A Tradition We Could Learn From

Old Chinese man
Old Chinese man

Our kitchen calendar reminds me it is Respect for the Aged Day in Japan, celebrated on the third Monday of September every year. The most elderly are honored and featured in the Japanese media. What if we were to adopt such a custom in the West? In honor of this, I am reposting an earlier blog called Senioritis of a Different Sort. Enjoy:

I’ve been musing a lot lately on the way we view aging and the elderly. Perhaps this is because I’ve been in a number of conversations lately where I was the oldest person present; at one time or another comments were made implying either pity or embarrassment for me, as if my age were a disfiguring disease.

This is something that varies from one culture to another. Most of us are aware that in Eastern cultures the elderly are treated with more respect than in the West. Their life experiences and lessons learned along the way are considered, of all things, an asset and not a liability. It is a given in Asia, as well as in most African cultures, that a family will care for aging family members in return for having been raised by them. In the West, this is so often absent that the death of several French senior citizens due to neglect during a heat wave a number of years ago brought it painfully to the light.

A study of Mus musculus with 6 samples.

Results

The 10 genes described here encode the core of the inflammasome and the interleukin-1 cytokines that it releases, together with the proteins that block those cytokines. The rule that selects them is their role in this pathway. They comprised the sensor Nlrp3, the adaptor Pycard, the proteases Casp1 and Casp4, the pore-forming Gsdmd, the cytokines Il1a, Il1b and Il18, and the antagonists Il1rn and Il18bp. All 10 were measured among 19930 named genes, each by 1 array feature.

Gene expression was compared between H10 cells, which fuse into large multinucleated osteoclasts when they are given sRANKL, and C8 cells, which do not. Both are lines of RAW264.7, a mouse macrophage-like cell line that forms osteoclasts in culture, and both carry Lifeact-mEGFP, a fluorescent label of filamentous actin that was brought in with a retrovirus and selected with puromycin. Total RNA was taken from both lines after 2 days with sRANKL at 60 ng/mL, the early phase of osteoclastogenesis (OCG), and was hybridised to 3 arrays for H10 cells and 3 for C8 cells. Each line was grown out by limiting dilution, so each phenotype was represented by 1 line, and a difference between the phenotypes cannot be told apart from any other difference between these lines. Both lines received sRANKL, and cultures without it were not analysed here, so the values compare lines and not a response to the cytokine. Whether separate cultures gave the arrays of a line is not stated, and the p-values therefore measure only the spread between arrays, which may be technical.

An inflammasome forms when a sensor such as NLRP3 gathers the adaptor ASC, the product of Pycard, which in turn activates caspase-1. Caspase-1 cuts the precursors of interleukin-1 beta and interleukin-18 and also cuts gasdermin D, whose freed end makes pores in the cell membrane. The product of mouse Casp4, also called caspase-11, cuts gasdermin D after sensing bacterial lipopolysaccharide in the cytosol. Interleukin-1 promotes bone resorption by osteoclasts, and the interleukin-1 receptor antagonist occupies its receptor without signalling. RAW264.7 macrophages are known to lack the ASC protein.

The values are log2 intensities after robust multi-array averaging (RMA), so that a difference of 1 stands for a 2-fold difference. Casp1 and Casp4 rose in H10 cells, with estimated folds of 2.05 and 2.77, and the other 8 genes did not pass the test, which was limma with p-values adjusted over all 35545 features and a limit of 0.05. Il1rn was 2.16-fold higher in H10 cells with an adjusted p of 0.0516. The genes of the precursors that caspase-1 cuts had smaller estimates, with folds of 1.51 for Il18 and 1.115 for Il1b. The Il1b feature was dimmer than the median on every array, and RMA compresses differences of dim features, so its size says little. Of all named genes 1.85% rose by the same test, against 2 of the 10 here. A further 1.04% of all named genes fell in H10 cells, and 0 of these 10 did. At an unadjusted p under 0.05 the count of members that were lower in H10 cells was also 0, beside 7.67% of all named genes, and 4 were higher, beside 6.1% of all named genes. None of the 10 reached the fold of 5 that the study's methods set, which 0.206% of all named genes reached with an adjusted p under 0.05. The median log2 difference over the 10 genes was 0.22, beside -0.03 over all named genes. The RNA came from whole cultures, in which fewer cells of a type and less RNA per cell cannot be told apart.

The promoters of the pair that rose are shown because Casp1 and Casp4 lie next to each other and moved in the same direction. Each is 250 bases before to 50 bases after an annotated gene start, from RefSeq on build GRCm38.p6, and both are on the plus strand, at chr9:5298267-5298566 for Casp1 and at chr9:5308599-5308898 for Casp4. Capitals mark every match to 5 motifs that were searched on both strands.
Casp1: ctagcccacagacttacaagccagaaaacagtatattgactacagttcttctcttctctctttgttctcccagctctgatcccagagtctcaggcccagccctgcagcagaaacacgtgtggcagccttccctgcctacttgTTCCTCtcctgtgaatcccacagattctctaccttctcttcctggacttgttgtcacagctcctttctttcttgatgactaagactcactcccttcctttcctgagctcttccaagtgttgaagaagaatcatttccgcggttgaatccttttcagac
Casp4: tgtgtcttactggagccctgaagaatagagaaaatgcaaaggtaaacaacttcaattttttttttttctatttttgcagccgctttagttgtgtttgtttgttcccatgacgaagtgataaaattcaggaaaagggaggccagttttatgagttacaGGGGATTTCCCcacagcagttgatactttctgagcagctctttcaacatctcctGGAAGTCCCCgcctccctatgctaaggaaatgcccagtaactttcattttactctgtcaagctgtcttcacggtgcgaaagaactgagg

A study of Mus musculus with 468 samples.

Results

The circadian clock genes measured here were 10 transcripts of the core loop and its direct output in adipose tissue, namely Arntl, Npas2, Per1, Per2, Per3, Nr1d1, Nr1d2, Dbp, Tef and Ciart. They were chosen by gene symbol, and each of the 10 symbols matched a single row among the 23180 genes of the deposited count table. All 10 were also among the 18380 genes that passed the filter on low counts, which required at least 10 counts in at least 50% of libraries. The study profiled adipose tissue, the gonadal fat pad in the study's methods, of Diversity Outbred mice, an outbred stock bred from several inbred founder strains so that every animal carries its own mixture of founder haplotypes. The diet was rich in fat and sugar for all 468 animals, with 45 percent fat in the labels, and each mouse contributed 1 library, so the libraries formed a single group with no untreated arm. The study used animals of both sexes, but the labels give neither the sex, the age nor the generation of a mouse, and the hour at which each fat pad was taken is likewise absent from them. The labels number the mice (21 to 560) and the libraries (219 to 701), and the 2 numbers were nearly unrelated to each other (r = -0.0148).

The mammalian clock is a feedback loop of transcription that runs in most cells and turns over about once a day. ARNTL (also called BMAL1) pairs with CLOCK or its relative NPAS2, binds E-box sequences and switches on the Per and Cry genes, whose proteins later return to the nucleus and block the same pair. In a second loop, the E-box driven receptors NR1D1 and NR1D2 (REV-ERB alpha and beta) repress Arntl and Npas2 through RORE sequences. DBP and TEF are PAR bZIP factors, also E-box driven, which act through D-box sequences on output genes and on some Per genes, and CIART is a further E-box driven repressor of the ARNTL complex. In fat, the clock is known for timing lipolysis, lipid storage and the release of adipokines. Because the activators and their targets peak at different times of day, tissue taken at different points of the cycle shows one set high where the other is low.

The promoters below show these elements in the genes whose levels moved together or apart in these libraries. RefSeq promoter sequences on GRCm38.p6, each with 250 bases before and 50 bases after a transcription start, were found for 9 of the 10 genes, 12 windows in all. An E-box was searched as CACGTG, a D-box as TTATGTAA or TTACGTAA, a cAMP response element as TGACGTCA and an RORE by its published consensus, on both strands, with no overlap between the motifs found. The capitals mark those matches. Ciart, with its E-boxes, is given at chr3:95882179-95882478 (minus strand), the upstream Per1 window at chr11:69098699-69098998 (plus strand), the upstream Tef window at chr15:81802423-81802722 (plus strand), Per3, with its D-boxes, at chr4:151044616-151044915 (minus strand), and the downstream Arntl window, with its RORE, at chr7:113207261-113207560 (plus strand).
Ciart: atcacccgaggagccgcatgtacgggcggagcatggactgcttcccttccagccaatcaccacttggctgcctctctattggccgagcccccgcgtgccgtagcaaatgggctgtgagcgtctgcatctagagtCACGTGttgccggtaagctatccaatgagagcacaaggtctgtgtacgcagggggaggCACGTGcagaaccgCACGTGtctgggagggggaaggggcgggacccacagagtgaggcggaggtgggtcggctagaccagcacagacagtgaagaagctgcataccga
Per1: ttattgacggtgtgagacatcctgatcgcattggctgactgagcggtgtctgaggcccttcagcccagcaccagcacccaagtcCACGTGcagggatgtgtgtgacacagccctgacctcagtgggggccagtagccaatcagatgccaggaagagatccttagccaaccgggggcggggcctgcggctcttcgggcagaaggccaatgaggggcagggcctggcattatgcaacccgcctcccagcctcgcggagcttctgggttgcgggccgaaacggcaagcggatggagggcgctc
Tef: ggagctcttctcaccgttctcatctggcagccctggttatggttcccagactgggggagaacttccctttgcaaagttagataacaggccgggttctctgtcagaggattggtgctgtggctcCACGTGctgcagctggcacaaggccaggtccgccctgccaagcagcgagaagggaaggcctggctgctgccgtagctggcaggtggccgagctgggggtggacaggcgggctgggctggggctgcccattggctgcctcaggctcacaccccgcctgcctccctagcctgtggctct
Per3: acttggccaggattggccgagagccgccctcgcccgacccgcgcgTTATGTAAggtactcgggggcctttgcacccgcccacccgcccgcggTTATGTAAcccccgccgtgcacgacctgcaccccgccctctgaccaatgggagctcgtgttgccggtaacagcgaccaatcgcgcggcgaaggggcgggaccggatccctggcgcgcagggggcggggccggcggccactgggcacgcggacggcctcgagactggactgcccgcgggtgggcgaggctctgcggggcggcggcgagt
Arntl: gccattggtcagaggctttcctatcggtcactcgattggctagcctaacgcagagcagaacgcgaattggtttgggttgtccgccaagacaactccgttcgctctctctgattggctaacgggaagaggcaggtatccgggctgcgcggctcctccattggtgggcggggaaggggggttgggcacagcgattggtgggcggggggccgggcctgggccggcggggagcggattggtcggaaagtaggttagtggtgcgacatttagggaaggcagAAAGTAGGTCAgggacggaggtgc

I’m not naive enough to believe, however, that the grass is COMPLETELY greener on the other side. Many families, while providing food and shelter for their aging parents, secretly resent that their resources are being drained or that their parents are ungrateful. That said, it would not hurt us, in the West, to learn something about honoring our elders and the road they have walked. For my part, I’ve resolved to wear what is left of my gray hair as a badge of honor.